UT Researchers Develop Interesting Building Blocks for Quantum Computers


Quantum computers make use of the quantum properties of materials: properties that are only exhibited at a scale of a few dozen nanometres (a nanometre is a millionth of a millimetre). This means that a quantum computer needs a completely different set of building blocks than a standard computer. Researchers all over the world are working to create such building blocks, but it is still unclear which materials yield the best components.

Researchers at the University of Twente, working with colleagues at the Technical Universities of Delft and Eindhoven, have successfully developed a new and interesting building block. They managed to create nanowires made of germanium and silicon in which individual electrons could be captured (the experiment employed ‘holes’ i.e., the absence of an electron) in a ‘quantum dot’ through which superconductivity—a condition in which electricity moves through a medium with no resistance whatsoever—could occur. The combination of a quantum dot and superconductivity makes it possible to create ‘Majorana fermions’, exotic particles that are their own antiparticle and which are regarded as an important component in the quantum computers of the future.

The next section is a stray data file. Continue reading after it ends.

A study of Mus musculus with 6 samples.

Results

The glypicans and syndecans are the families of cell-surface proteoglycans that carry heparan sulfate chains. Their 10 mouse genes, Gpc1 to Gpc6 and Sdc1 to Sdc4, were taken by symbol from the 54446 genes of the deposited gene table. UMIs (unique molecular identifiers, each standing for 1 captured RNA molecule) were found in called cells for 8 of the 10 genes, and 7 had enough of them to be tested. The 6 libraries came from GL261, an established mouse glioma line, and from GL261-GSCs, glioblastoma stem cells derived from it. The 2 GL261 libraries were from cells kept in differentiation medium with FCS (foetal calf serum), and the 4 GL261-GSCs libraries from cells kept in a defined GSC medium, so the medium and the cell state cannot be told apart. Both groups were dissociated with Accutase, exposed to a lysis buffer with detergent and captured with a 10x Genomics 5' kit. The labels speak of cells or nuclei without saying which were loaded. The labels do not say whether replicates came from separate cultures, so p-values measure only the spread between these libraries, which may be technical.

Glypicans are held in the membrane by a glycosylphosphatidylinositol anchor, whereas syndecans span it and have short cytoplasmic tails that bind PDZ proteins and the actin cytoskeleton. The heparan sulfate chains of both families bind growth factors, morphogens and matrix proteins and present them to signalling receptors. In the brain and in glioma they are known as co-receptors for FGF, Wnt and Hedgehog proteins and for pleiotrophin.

This is not the first time that scientists have succeeded in creating nanowires with quantum dots on them in which superconductivity can occur. It is, however, the first time that this has been done using nanowires having a germanium core and a silicon shell. According to researcher Joost Ridderbos the principal advantage of this material, besides its quantum properties, is that it is extremely well defined; that is to say, it can be manufactured with great precision, with every single atom in the right place. Ridderbos: “I can’t say whether this is the material that will ultimately be used in quantum computers; I don’t have a crystal ball. What I can say is that this is an ideal material for doing fundamental research that is relevant to the development of quantum computers. It’s the perfect material for investigating the best route towards this computer.”


The researchers first produced a wire with a diameter of about 20 nanometres. They then fitted it with minuscule aluminium electrodes. At a temperature of 0.02 degrees Celsius above absolute zero (minus 273.15 degrees Celsius) they succeeded in passing superconducting electricity through this wire, and with the help of an external electric field they created a quantum dot containing exactly one ‘electron hole’.